Hybrid – What’s In A Name?
If you’ve recently been mattress shopping, you’ve undoubtedly come across the term “Hybrid”, probably being pummeled with it by salespeople to the point you feel like Rocky Balboa after going 15 rounds with Ivan Drago. But what does it really mean if a mattress is a Hybrid? As it turns out, it all depends upon who you’re talking to. Let’s learn a bit about the history of the term “hybrid mattress.”
A Brief History Lesson
I already knew some of the story of how the Hybrid terminology came to be, but I wanted the complete details, so I went to the source: Mark Quinn.
Mark Quinn (Q’s Views, CEO and President of Sibose LLC, Co-Founder of Spink and Co., one-half of the Dos Marcos mattress industry podcast – Englander President and CEO Mark Kinsley is the other half) was a Segment Vice-President of Marketing at Leggett and Platt in the early 2010s. At that time, all-foam mattresses were really making an inroad into the industry, and much of their marketing was geared toward disparaging anything that used innersprings, branding springs as uncomfortable and archaic.
Quinn and his team were tasked with combating these negative innerspring descriptors. Besides those negative marketing statements being untrue (When has marketing ever let the truth get in the way of a good story? I’m still waiting on the wonderful head of hair this product promised.), they also ran contrary to one of the main products produced by Mark’s employer: innersprings.
Quinn tried to come up with different ways to combat the perception being created by all-foam mattress brands that all innerspring mattresses weren’t comfortable. He knew that fabric-encased spring units could provide strong support and alignment characteristic while still being quite point elastic, especially when combined with higher-quality foams, such as latex, high density visco-elastic foam, high-density polyurethane foam and/or buckling column gel. This of course was quite different than the old school Bonnell innerspring units topped with low density polyurethane foam that the all-foam mattresses companies were using as “equivalent” comparators.
A Hole In One
After much brain-racking, Mark found that there wasn’t adequate existing vocabulary to describe this combination of better fabric-encased springs and higher-quality padding materials. Then, while watching a golf tournament on television, he came across multiple products describing themselves as hybrids, and a light bulb went off. Hybrid was the term that perfectly described this higher-end combination of materials he was attempting to promote.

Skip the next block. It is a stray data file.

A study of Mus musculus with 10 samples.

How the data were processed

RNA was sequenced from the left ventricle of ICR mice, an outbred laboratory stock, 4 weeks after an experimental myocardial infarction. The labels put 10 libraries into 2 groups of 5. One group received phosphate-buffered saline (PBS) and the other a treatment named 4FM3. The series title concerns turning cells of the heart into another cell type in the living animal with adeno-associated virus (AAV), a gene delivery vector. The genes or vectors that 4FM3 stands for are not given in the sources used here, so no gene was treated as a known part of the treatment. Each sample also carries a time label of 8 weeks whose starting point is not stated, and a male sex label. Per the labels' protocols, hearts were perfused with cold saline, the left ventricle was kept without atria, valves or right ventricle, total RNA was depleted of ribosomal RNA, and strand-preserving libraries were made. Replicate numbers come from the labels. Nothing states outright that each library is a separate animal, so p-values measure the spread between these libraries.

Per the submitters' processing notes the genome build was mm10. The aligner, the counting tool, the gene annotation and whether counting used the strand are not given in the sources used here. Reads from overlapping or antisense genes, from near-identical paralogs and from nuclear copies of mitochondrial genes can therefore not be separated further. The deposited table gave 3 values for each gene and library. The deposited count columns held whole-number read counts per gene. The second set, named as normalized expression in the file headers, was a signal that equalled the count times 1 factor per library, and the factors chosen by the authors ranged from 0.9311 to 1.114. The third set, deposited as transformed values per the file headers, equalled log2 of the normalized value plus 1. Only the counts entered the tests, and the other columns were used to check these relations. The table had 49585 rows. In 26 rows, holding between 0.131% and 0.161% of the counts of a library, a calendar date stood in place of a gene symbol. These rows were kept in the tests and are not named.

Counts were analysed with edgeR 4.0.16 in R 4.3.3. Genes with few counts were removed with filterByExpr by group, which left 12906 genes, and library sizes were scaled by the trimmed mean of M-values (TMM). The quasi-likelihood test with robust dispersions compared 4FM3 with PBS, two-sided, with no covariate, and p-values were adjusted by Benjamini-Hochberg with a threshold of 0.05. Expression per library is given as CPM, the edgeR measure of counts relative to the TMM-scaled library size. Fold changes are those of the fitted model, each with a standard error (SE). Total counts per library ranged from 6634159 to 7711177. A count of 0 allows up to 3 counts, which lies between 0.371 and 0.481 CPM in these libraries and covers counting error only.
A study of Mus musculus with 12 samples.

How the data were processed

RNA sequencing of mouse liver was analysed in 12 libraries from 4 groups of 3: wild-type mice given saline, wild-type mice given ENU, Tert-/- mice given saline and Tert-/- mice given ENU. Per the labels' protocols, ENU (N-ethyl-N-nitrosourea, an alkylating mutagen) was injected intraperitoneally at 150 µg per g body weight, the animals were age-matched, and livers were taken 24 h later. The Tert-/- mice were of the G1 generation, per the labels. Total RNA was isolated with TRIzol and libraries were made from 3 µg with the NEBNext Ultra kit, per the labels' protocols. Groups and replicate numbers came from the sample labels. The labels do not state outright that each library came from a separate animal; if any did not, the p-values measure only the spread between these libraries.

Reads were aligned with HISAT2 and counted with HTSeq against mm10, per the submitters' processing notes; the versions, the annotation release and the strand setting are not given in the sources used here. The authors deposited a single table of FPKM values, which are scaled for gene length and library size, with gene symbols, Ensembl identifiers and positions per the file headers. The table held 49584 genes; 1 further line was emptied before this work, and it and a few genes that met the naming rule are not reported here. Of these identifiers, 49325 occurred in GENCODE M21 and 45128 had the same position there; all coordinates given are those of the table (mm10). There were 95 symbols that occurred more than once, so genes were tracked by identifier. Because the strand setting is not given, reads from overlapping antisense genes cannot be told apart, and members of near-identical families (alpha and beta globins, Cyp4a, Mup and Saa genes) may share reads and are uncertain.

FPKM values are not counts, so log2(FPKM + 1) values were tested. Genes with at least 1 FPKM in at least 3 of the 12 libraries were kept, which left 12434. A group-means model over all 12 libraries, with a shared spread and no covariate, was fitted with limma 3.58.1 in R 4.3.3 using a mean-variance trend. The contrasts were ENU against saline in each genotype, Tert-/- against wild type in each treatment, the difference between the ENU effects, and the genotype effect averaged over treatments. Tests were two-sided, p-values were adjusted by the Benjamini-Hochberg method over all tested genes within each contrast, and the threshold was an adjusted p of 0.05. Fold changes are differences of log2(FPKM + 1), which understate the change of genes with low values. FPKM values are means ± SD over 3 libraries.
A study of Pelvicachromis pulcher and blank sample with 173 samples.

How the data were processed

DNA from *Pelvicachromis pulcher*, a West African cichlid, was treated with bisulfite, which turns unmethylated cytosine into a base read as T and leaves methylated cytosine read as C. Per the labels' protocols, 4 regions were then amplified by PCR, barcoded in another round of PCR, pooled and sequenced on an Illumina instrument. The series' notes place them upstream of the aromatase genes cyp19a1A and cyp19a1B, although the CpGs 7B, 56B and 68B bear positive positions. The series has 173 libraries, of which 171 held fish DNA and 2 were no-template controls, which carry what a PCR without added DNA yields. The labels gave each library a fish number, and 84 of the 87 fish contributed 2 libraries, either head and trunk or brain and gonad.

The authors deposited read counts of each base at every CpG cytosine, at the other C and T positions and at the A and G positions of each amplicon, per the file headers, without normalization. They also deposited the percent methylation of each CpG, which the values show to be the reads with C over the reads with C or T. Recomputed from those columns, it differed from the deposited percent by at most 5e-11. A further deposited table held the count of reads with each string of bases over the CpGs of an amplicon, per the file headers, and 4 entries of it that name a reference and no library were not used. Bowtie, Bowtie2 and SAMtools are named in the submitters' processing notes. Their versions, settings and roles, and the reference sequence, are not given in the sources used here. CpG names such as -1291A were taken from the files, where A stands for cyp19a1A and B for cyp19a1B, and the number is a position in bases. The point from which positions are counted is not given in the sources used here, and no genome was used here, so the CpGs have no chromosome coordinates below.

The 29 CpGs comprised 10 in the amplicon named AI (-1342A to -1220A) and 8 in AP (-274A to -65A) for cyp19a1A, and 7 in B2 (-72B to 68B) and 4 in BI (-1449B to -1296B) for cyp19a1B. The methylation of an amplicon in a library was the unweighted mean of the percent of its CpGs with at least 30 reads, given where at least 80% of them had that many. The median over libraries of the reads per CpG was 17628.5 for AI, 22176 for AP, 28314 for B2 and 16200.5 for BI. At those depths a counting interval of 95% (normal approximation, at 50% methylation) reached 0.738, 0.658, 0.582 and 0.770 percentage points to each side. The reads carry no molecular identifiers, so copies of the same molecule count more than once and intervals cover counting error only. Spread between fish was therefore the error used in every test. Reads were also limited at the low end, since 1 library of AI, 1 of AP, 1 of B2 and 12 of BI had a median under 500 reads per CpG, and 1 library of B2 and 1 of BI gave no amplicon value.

Hybrid Is Put To The Test
To test the efficacy of his new term, Quinn turned to his friend and agency partner Mark Kinsley (now a partner with Quinn on the aforementioned Dos Marcos podcast), and together they brought this Hybrid idea to the industry. They took to Sleep Geek and had 15 prominent Geeks use the hybrid terminology in their showrooms for one week. The results? More mattresses were sold, and the average ticket went up. Winner winner, chicken dinner.
The next step was to hook up with Second City Communications for a day (the corporate services division of Chicago’s Second City comedy theatre) and develop a music video mixing Springz and Phoam, called, “Get Hybrid”. Within a year, a major mattress brand came out with a specific Hybrid mattress line. Leggett and Platt even created a Hybrid web site. A category was born.
Fast Forward To Present Day
While there was initial resistance from mattress brands to adopt the Hybrid term and marketing, consumer demand dictated that it be used, as did increasing retail sales. Quinn and his team had accomplished their task. People were being made aware that comfort wasn’t the sole domain of all-foam mattresses, and Leggett and Platt was selling more innersprings.
It was soon found that the Hybrid name had cache with mattress shoppers. So much cache, in fact, that like too many things in the mattress industry, the term became diluted and applied by salespeople and mattress companies to basically anything that used fabric-encased spring units and any sort of padding material.
What Does This All Mean For You, The Consumer?
So, if you enter a mattress showroom today and ask to see a Hybrid, what will you be shown? Typically, just about everything in the showroom, much of which will bear little resemblance to the initial Hybrid term as defined by Quinn and his team. If you ask 10 salespeople these days to define Hybrid, you’ll probably receive seven different answers, two blank stares, and a partridge in a pear tree.
This is why I don’t recommend shopping for a mattress using the Hybrid terminology as your only guide. If you visit with me and say that you were looking at a Hybrid mattress somewhere else and want to see something similar, I won’t have a clue what you’re attempting to replicate because of the watered-down, varied and often self-serving applications of that term. While I’ll certainly be happy to show you a Hybrid, it will be much more important for both of us to focus upon the componentry that best suits your particular needs, regardless of the moniker.
So, now you know what’s in a name of the term Hybrid. Probably a lot more than you thought!